Some women who like exercise ask themselves, “is it OK to still work out when I’m pregnant?” The answer is yes – but there are buts!

If you’re pregnant, you probably have niggling concerns not just about the life changes ahead, but changes to your body, too.

It happens to the best of us: when Kim Kardashian was pregnant with her son Saint, she was (very) open about how ‘terrified’ she was about gaining too much weight, tweeting in the dead of night:

“Can’t sleep & I’m googling double chin exercises! I’m petrified to get one!”

She hired renowned celebrity trainer Tracey Anderson to help her push herself into pregnancy workouts. Anderson, of course, is quite the taskmaster, once intoning:

“A lot of women use pregnancy as an excuse to let their bodies go, and that’s the worst thing.”

It runs counter to what expectant mothers have been told for decades: rest up, eat for two and enjoy those final days of freedom while you can. But celebrity culture has created a very different – some might say startling – precedent.

When you’re pregnant, a punishing daily workout is unnecessary. Still, it’s good to do some sort of activity for 20-30 minutes per day like walking, running or swimming.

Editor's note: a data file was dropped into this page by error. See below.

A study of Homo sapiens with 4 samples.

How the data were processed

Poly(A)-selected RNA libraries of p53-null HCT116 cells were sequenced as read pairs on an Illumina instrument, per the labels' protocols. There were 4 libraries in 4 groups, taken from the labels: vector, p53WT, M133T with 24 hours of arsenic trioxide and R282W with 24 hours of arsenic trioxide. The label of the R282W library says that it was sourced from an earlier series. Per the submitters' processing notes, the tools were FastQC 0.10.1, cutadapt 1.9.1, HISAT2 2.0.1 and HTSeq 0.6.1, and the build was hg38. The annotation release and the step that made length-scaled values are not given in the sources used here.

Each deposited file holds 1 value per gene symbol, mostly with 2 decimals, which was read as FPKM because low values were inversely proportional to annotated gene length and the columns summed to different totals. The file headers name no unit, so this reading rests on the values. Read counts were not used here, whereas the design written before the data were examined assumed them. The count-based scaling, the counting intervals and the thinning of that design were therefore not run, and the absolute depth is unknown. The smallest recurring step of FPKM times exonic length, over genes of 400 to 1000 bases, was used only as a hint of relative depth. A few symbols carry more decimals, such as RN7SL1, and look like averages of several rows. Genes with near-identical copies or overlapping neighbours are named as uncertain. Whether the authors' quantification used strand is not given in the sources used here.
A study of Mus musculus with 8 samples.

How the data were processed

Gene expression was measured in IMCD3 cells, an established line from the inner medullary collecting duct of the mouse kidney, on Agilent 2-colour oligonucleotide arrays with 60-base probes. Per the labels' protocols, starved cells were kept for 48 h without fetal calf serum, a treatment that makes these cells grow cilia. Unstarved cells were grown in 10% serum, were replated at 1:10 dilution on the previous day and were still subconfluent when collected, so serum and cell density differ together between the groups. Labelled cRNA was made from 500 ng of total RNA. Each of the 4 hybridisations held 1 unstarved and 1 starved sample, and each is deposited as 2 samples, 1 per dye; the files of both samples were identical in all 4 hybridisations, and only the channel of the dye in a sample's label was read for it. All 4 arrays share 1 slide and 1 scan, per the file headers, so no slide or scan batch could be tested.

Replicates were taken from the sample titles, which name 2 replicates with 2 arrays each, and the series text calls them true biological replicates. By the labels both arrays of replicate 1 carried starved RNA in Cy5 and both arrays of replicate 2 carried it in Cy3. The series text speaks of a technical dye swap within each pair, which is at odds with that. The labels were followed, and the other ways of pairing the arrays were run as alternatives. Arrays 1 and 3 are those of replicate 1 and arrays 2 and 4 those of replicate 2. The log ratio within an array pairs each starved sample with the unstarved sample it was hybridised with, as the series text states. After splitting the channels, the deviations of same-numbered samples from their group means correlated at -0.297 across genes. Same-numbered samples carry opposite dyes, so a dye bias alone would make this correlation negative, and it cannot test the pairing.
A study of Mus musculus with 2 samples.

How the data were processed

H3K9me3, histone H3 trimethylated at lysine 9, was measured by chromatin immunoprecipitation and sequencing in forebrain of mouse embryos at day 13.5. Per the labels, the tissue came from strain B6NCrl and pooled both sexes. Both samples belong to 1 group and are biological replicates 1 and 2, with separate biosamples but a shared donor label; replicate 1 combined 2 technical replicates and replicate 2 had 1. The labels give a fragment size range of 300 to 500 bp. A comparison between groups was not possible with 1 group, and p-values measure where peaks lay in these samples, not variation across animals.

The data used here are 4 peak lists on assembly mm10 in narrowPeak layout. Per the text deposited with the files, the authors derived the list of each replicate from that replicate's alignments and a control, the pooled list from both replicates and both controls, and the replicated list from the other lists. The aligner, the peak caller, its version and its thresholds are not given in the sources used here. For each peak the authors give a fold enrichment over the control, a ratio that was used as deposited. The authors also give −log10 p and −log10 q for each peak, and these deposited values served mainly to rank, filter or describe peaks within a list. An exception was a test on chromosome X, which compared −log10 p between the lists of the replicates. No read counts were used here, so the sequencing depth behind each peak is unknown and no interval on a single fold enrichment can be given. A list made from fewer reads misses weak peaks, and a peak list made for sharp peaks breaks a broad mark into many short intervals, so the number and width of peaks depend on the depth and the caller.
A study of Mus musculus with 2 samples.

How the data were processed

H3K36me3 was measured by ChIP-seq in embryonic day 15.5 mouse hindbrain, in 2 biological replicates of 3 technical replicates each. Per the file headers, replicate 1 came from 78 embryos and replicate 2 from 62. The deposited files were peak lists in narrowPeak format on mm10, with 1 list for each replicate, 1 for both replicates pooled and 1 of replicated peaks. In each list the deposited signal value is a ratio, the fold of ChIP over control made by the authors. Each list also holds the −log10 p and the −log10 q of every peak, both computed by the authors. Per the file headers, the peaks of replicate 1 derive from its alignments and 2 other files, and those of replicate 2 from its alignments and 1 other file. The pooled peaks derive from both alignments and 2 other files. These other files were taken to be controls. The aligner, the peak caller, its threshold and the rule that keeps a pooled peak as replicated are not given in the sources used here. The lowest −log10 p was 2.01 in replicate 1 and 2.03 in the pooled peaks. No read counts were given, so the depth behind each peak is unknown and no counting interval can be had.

In fact, a light swim or walk will banish those feelings of tiredness and provide a much-needed energy boost.

So, the answer to “can I still work out when I’m pregnant?” is yes – but you have to be careful.

The most important thing before pregnancy exercise is to check with your doctor first. Don’t attempt a new regime while pregnant, but if you are used to working out, you will actually benefit greatly from keeping up a routine. The trick is to find what you enjoy best before you get pregnant and stick to a less intense routine during your pregnancy.

Give your body time to recover, too. You don’t want to over-train your muscles during pregnancy when you are more likely to cause injury due to the relaxin hormone that the body produces while pregnant (in order to make the body ‘looser’ ahead of childbirth).

Any exercise plan that involves working out the muscles and core especially with a good stretch routine will help avoid issues like lower back problems. As an added bonus, relaxing forms of exercise like yoga and Pilates will stand you in even greater stead at crunch time, in the delivery room.

As for the optimum amount of weight you should gain during your pregnancy? Expect to gain between 25 and 30 pounds throughout – 1 to 5 pounds in the first trimester, and about a pound per week for the rest of the pregnancy.

Sounds like there’s room for at least a little bit of chocolate in there to us.